Wireless n is the latest in Wi-Fi technology and promises to deliver higher speeds and better connectivity compared to the older wireless b/g standard. Given below is some information on…
802.11ac Vs. 802.11n
In June 2013, the fifth and the fastest wireless standard to date, 802.11ac (first wave) was launched that succeeded the 802.11n standard. In this Techspirited article, we have highlighted the changes brought about in 802.11ac over its predecessor.
In 2011, Quantenna released the first 802.11ac chipset for Wi-Fi routers.
Just in case you thought 4G was the fastest wireless standard around, you should start using the newest Wi-Fi standard, 802.11ac. The 5G Wi-Fi is extremely fast, and it also has improved range over its previous versions.
Although features like low-density parity-check code, space-time block coding, and short guard interval (400ns) are carried over to 802.11ac, the latest standard has some highly improved specifications.
Before we proceed to a detailed discussion regarding these wireless standards, let us take a quick look at the major differences.
|1.3Gbps (1331Mbps)||0.45Gbps (450Mbps)|
|Yes (802.11b,g,n)||Yes (802.11a,b,g)|
|5 GHz||2.4 GHz, 5 GHz|
|20,40,80,160 MHz||20,40 MHz|
|MIMO Spatial Streams|
The 802.11ac standard was released by Wi-Fi Alliance in June 2013. However, the standard is expected to be released in two waves. The first one operates in 20,40,80 MHz RF frequencies, while the second wave, released in January 2014, has advanced features and operates in 160 MHz range.
The 802.11n standard was released in October 2009, after a series of draft proposals. This standard operates only in 20 and 40 MHz bandwidth.
The main reason behind the speed of the 802.11ac is the combination of increase in channel bandwidth, constellation density, and increase in spatial streams. The increase in channel bandwidth to 80 MHz (from 40 MHz in 802.11n) increases the speed by 2.16 times, while the second wave bandwidth of 160 MHz further doubles the speed. Also, there is an increase from 64-QAM (802.11n) to 256-QAM, which means, the density of constellation points increases, and thus, the speed further increases. Due to the closeness of the points, they are sensitive to noise, and data errors reduce, thus, increasing reliability. The third reason behind the increase in speed of 802.11ac standard is the increase in spatial streams, which is directly proportional to the increase in speed.
Thus, considering all these points, the 802.11ac products (low end) are 4.4 times faster than 802.11n, while high-end products are 3 times faster.
Apart from the increase in speed and channel bandwidth, there is also increase in client capacity. While the 802.11n had a maximum capacity of 30-40 clients, the 802.11ac standard supports more clients. The reason behind this is the RF range that the latter supports. The 802.11n standard operates mostly in 2.4 GHz, and rarely in the 5 GHz range. The 2.4 GHz range is a shared bandwidth between microwave ovens and Bluetooth devices. Thus, the overall bandwidth received by users using 802.11n reduces, and this limits the number of clients. In case of 802.11ac, the operating frequency range is 5 GHz, which is rarely used. Thus, there is less interference in the RF range that, in turn, increases the client capacity.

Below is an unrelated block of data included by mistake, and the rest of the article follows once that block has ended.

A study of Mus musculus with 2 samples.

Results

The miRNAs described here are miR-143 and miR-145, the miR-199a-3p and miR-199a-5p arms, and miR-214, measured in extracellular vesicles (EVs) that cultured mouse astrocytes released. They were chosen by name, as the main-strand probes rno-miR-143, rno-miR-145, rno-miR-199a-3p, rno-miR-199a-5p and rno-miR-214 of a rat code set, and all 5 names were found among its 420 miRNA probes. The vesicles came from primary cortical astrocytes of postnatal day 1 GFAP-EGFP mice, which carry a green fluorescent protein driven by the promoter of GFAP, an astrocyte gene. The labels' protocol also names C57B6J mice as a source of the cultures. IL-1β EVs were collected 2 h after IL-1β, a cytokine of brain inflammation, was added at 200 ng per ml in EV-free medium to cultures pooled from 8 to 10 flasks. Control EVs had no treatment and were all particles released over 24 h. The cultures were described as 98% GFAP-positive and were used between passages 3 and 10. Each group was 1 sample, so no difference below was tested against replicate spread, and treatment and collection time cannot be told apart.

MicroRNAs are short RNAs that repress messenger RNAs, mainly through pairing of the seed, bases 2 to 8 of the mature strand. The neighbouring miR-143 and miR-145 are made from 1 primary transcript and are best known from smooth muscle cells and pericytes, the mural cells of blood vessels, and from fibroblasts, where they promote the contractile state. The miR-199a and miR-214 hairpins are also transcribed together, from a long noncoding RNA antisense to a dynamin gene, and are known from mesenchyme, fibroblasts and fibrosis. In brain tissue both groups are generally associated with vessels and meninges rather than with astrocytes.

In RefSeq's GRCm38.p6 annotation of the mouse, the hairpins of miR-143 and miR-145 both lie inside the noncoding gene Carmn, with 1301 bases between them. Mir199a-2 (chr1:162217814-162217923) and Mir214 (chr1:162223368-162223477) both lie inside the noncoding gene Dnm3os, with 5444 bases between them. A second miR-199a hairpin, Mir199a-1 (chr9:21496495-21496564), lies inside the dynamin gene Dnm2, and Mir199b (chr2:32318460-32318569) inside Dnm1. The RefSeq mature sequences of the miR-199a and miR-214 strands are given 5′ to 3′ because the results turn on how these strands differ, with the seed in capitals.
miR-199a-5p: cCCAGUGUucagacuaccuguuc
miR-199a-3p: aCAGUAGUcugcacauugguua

If you have been reading about advances in wireless networks, you would be aware of the term beamforming. Beamforming is nothing but identifying devices that are pinned with the router, and increasing signal strength in that particular direction. Thus, instead of spreading the wireless signals in all directions, it is strengthened in a particular direction.
As far as 11n standard was concerned, this particular feature was optional and more than one beamforming methods were mentioned. This created confusion amongst the product vendors, and thus, most of them avoided incorporating the feature in their devices. However, with 11ac standard, this technique is standardized. The null data packet (NDP) sounding method is the beamforming technique used in 11ac. Also in the second wave of 802.11ac standard, multiple MIMO is introduced, which allows simultaneous transmission to multiple users. However, due to the need of high-end antennas and signal processing methods, the multi-user MIMO is restricted in the downstream direction.
While most of us would be happy with such a high-speed wireless connection, we would also be worried about the number of devices actually using the same. As 802.11n is an older standard, almost all the routers, handsets, and laptops support it. But with the recently launched 802.11ac, this scenario can change. The latest handsets like HTC One, Samsung Galaxy S4, LG Optimus G2, Samsung Galaxy Note 3, Samsung Galaxy Round, and LG Nexus 5 support 802.11ac, alongside ASUS ROG G75VX, and Apple MacBook Air.
Theoretically, the 802.11ac standard beats the 802.11n hands down. However, it will be interesting to see whether this standard justifies its on-paper specifications or not. To know more about 802.11ac standard, you can visit the Cisco website. For now, it is clear that the 5G Wi-Fi, 802.11ac is the future with faster speeds, better range, less interference, improved power consumption, and instantaneous data synchronization.